Editor's Notebook: From 'Pub Fiction' to as real as it gets
This was going to be a column about the June elections and deadlines for campaign letters to the editor.
It still is. But now it's about cancer, too.
Two weeks ago, our staff writer Randy Billings found out the nagging pain he had in his chest was caused by lymphoma. In an instant, Randy's life changed, just as it does for anyone diagnosed with cancer.
But as he came to grips with the challenges he will face, Randy also realized that as a writer, he has a unique opportunity to share his experience.
So starting this week, in addition to continuing as much of his coverage of South Portland and the Portland city schools that his health will allow, Randy will be blogging about his treatment, the emotional, physical and psychological ups and downs, and the day-to-day skirmishes in his battle against cancer.
His blog, which we called "Pub Fiction" when it was introduced a year ago, was originally conceived as a home for Randy's satirical musings, named with a nod toward his interests in Irish music and beer. We described it as a "creative, and sometimes poetic, take on life, current events and the paradox of being human."
You'll still find it with that name and description in the Blogs section of our website, because we're confident Randy's cancer journal is a temporary detour – sort of an unplanned visit to "Pub Nonfiction" – that will just generate a different kind of poetry and paradox.
Over the next few weeks we'll be publishing roundups on the races, profiles of the candidates and summaries of the ballot questions.
We'll undoubtedly be publishing quite a few of your letters, too.
We've been receiving and publishing letters on behalf of this year's candidates and issues for several weeks, and will continue to do so through our print editions of May 26-28. That means our print editions of June 2-4 will be free of campaign-related letters, with the exception of those that correct or respond to claims in specific, previously published letters. It also means the deadline for election-related letters is noon, Monday, May 24.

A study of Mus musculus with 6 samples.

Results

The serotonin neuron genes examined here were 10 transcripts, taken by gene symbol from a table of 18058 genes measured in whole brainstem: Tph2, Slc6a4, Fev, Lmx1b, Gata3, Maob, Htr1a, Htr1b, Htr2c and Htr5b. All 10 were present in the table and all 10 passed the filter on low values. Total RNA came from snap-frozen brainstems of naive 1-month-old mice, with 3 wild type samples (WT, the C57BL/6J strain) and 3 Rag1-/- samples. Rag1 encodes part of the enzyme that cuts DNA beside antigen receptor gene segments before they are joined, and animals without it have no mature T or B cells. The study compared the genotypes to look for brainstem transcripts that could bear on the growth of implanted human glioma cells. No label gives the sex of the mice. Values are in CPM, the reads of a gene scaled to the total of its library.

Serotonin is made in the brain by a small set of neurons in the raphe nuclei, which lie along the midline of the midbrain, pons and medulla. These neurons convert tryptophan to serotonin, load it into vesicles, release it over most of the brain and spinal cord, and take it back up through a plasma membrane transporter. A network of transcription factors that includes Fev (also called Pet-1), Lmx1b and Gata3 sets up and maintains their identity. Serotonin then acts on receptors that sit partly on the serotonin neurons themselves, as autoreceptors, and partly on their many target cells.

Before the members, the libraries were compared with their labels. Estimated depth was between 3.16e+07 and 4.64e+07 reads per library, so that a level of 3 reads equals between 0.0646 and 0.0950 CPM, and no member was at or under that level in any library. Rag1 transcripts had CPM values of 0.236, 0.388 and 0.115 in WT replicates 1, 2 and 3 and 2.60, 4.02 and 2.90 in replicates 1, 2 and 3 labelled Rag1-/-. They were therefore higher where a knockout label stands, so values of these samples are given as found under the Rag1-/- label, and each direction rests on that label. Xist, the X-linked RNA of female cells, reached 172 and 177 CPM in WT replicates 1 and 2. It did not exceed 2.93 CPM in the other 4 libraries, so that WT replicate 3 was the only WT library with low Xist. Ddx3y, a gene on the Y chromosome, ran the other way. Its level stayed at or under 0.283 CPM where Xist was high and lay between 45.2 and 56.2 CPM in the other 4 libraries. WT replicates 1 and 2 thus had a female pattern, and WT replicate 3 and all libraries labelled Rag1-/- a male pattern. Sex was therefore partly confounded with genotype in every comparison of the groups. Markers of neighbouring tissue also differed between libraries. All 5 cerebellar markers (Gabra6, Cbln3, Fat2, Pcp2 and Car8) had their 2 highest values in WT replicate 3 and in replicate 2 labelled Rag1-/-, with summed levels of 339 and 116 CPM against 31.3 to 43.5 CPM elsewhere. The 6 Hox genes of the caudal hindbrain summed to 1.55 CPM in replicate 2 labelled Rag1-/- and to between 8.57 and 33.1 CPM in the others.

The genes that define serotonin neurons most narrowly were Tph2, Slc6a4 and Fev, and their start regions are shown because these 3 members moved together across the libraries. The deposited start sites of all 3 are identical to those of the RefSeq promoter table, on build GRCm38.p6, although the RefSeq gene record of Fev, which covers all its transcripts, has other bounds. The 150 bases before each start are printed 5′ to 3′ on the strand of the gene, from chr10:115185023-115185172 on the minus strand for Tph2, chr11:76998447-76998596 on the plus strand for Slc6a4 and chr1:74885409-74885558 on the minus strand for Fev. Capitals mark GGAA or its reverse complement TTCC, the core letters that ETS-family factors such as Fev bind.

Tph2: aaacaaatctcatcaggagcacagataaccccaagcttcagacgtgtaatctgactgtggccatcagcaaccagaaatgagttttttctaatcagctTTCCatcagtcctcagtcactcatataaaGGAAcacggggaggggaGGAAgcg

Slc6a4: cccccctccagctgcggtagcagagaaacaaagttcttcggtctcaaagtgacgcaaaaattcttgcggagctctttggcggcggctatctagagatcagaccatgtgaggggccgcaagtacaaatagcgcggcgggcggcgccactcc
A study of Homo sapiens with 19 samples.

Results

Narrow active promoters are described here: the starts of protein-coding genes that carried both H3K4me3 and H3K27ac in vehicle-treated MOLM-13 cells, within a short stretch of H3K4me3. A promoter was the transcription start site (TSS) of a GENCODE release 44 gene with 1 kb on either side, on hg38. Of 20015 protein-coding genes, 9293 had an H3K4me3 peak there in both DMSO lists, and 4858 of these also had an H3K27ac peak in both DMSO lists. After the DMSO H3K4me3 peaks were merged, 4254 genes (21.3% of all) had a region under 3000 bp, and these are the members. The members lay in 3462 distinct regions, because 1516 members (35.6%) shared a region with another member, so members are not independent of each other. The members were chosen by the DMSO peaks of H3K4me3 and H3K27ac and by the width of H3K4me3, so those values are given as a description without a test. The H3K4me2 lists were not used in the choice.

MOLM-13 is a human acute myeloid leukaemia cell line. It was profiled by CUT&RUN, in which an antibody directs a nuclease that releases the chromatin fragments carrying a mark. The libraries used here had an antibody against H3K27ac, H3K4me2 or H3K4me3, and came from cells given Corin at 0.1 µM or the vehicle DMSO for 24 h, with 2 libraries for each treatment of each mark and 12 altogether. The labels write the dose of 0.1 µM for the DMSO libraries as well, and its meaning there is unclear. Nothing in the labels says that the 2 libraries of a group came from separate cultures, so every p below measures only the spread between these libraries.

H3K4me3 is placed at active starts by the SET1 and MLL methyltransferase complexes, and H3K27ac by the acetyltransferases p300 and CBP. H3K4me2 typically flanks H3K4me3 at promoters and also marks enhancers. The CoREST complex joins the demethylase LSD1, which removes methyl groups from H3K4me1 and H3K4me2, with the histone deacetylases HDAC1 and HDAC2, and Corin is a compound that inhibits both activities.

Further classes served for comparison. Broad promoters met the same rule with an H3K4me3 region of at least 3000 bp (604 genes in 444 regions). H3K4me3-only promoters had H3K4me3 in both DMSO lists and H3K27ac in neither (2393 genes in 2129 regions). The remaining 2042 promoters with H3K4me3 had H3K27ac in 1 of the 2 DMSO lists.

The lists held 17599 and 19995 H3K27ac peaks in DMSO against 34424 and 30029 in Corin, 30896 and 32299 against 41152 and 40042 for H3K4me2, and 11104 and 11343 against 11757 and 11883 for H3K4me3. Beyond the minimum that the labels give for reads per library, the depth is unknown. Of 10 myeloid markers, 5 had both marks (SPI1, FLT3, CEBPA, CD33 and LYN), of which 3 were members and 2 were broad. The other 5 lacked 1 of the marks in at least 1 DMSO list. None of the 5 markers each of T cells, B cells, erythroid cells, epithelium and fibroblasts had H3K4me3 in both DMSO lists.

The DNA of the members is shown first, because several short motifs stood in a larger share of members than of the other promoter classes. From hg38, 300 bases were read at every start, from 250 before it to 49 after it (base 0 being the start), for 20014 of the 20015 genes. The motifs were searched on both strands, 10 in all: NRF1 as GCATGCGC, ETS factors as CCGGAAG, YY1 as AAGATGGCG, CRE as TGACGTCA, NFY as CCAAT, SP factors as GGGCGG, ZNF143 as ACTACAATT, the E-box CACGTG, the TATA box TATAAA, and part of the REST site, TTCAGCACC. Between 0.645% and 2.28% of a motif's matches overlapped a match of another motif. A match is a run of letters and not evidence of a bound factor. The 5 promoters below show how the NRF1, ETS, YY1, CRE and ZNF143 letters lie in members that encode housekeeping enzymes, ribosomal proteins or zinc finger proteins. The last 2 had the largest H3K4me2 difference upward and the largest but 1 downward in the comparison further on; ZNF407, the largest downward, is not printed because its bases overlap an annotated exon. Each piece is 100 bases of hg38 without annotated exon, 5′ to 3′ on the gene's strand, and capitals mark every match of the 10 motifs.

Let me emphasize: election-related letters must be received, preferably via e-mail to email@example.com, no later than noon on May 24.
As I've explained in past columns, the "no last-minute letters" policy levels the playing field. It prevents any particular candidate or letter writer from strategically getting in the last word – or worse, from making a false statement that can't be corrected in print before the election.
Keep in mind that The Forecaster has a 250-word limit for letters in print. So please keep your comments, endorsements and arguments succinct and on topic.
But remember, too, that you can respond to a published letter at any time – right up to Election Day – by posting a comment on our website. There's no restriction on length for the Web, but we monitor comments and remove those we believe are offensive, untrue or libelous.